PSU – Generations of Culture

by Paul Meshanko


Is there a generational consideration that should be given to Joe Paterno, Jerry Sandusky and others involved in the allegedly horrific crime committed on the campus of Penn State University?  Did the perspective on life that is shown from their generation lead to the actions of the alleged cover up in this case?  Could we learn more on what this teaches us about similar situations?

The answer is yes.  The generational perspective in this case comes from a generation known as the tradionalist group.  This group is from the WWII era and Coach Paterno, born in 1926 falls right in the middle of this group while Coach Sandusky born in 1944 is on the edge of the baby boomers. Let’s examine the key characteristics of this generation and see if this sheds some light on the relationship between these two individuals.

  The tradionalist generation are loyal to the employer and expect loyalty in return; possess strong interpersonal skills, enjoy flextime so they can work their own schedule; believe promotion, recognition and raises should come from job tenure. They build a legacy – expect a lifetime career with one employer or at least in one field and have a sense of personal responsibility to work.

Coach Paterno was the leader of this program for over forty years and developed a culture of loyalty from those involved. The corporate culture within the system was solely directed by his life experience.  He has built a legacy but regardless of all the good will that he has built over the years his moral judgment will be forever in question.  While we may never know the truth and circumstances in this tragedy, what we do know is if the culture were different within this team all of the cases that occurred after 2002 could have been prevented.

What would this legacy look like in the corporate world?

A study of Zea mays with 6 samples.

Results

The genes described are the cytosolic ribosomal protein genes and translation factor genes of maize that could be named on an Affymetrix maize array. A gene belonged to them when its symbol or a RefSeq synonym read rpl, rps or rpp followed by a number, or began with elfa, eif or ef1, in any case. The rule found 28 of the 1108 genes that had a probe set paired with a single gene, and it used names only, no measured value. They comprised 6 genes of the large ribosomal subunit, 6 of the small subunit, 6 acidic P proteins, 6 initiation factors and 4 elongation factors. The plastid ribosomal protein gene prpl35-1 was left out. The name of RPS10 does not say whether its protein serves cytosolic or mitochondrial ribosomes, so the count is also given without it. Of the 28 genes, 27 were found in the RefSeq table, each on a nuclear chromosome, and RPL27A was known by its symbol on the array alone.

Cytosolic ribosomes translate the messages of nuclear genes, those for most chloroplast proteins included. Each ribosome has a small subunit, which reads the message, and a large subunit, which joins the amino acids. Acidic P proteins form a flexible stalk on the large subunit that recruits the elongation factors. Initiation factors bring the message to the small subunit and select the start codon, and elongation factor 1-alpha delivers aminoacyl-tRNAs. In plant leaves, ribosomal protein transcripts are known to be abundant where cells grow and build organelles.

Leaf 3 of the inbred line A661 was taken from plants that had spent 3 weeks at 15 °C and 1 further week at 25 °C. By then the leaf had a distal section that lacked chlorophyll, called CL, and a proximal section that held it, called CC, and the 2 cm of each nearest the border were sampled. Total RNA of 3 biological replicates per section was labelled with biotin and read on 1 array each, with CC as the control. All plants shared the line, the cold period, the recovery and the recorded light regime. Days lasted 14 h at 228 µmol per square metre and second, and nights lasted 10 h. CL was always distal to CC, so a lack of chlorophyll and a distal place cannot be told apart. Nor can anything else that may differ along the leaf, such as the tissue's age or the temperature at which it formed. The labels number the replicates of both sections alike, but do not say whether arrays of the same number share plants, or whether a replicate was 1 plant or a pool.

The leader that has been in place for decades setting a culture of “this is the way we have always done it” and expects everyone to fall in line with the culture the leader has built as his legacy.  In this company if a scandal was brewing we would see the leader take care of it and expect that he can handle the situation in the way he knows best.  The leader would know that if such a scandal was public his reputation and legacy would be destroyed.

Can we learn from this?  Sure we can. Has this happened before in the corporate world and a different direction taken?  Yes it has.  Think back to 1982, potassium cyanide was placed in Extra-Strength Tylenol throughout Chicago. Seven individuals died from this form of terrorism. Johnson & Johnson (the makers of the pain reliever) could have simply taken Tylenol off the counters in the Chicago area. Instead, the company immediately recalled Tylenol from the stores nationwide. Consumers, advertisers and other businesses praised J&J for its swift actions. Today the company is one of the most well-liked companies by consumers (Bickel, 2011).

Will Penn State University be able to recover from this scandal?  Yes, if they put safe guards in place to ensure this can never happen again.  The school must work to create a safe environment for all staff, students, and visitors. PSU will need to carefully create a standard of operation procedure in reporting and handling such situations in the future.

Future leaders of the institution will need to have a greater understanding on the impact that child safety and the handling of this situation will have on the future enrollment of students and families supporting youth camps on campus.  A policy is not enough.  A culture change is needed and respect for people should be at the foundation if they indeed want to return happy to the valley.